Dodgers place Stults on disabled list


Stults allowed four runs in three-plus innings on Saturday and afterward conceded that he wasn't helping the team trying to pitch through the discomfort of his thumb. Manager Joe Torre said he was hopeful Stults would need only the minimum 15 days before returning.

"This way, instead of it nagging, we'll let it heal and not bother me the rest of the year," said Stults. "Obviously, the last two outings I haven't helped the team. I've been effective early on, but as the game goes on, it gets stiff, I lose my effectiveness and feel for pitches."

Stults threw a shutout against the Giants on May 9, but he jammed the thumb making a sprawling flip to first base while fielding a bunt in Florida on May 15. Before the injury, Stults had a 3.82 ERA. He missed one start and in his next two has a 9.81 ERA.

Stults' thumb was in a splint on Sunday, and he expected to be shut down from throwing for an unknown duration.

"It's like a cast, so I'm not moving it," he said. "We'll see if it helps the ligament heal.

The 24-year-old Schlichting has been untouchable for the Lookouts. In nine games, he has allowed one earned run over 13 2/3 innings (0.66 ERA) with 12 strikeouts, seven walks and a .146 opposing batting average.

"He's been on our radar for a time, but this is sooner than anticipated," said Torre, who hinted that Schlichting might stay past Monday, when the Dodgers need a roster spot for the activation of Hiroki Kuroda.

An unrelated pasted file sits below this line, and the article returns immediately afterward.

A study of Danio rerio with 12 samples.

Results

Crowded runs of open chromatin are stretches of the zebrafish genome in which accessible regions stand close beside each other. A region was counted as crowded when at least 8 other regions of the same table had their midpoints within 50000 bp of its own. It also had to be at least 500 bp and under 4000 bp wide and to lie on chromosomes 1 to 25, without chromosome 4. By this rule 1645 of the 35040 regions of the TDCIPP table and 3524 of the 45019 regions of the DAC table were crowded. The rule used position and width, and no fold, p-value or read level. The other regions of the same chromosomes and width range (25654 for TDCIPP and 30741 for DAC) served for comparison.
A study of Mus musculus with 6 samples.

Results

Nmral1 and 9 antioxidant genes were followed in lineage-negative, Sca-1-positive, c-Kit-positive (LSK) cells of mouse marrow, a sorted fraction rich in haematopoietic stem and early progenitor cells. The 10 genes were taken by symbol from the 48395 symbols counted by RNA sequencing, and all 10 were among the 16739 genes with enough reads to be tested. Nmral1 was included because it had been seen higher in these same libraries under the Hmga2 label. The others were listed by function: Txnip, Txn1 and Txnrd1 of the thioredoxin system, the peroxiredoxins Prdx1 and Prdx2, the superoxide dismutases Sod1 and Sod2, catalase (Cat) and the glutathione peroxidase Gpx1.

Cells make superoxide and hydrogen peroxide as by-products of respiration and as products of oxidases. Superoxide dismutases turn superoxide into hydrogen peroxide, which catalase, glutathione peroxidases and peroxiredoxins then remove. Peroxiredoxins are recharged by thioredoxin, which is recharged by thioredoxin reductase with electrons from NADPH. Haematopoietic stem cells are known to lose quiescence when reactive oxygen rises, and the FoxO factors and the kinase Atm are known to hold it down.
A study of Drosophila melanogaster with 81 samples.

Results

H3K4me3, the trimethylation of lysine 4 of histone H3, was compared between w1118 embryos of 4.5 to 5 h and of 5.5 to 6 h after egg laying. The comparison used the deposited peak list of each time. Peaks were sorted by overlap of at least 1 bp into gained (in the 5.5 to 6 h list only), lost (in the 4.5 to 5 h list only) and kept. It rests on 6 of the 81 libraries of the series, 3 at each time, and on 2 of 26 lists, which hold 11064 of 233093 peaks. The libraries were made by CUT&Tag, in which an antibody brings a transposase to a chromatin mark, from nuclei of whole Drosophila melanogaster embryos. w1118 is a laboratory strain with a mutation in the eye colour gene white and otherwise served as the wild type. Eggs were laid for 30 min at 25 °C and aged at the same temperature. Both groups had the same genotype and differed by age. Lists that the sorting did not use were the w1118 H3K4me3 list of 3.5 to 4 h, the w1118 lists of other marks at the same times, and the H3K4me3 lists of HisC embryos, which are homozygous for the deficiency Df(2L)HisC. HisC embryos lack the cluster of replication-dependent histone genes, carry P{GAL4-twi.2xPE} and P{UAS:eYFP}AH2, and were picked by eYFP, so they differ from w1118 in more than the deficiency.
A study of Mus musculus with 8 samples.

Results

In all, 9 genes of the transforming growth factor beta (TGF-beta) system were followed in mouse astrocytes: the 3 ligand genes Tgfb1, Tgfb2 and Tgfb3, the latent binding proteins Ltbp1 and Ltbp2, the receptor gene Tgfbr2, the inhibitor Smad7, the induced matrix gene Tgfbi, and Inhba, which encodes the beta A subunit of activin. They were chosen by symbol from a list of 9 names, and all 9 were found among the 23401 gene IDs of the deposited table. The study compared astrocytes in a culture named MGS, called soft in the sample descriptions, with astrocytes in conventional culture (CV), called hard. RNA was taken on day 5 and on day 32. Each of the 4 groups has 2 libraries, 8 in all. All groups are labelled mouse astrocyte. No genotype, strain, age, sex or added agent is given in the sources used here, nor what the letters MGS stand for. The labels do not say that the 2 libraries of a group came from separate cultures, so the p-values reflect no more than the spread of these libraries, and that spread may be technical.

Schlichting's Spring Training participation was limited to one perfect inning of a "B" game because of a bulging disk in his lower back. He said two epidural shots and core exercises got him back on the mound for extended spring training, and he's been pitching for Chattanooga for a month.

During his time as a position player, his bat lacked power. Drafted in the fourth round by Tampa Bay, he was traded to the Angels before the 2006 season, but he asked if he could pitch when he learned he was headed for low Class A for the third consecutive year.

"It's no fun hitting .250 without the power numbers they expected," he said.

The Angels released him while he was rehabbing from a knee injury during Spring Training in 2007 and he hooked on with an Independent League team, the Kansas City T-Bones of the Northern League, who let him pitch.

"Getting released was the best thing that could have happened, looking back," he said. "It couldn't have gone any better."

After that season, Schlichting's agent arranged a tryout with Dodgers vice president Logan White, who remembered seeing Schlichting while scouting his high school teammate, John Danks. The Dodgers signed him that winter and he played at Double-A last season.

"I didn't pitch much in high school," he said. "I was No. 3 and we played twice a week -- do the math. I always had a good arm but didn't know how to use it. The Dodgers' coaches straightened me out. I can't believe how fast it's come."

Ken Gurnick is a reporter for MLB.com. This story was not subject to the approval of Major League Baseball or its clubs.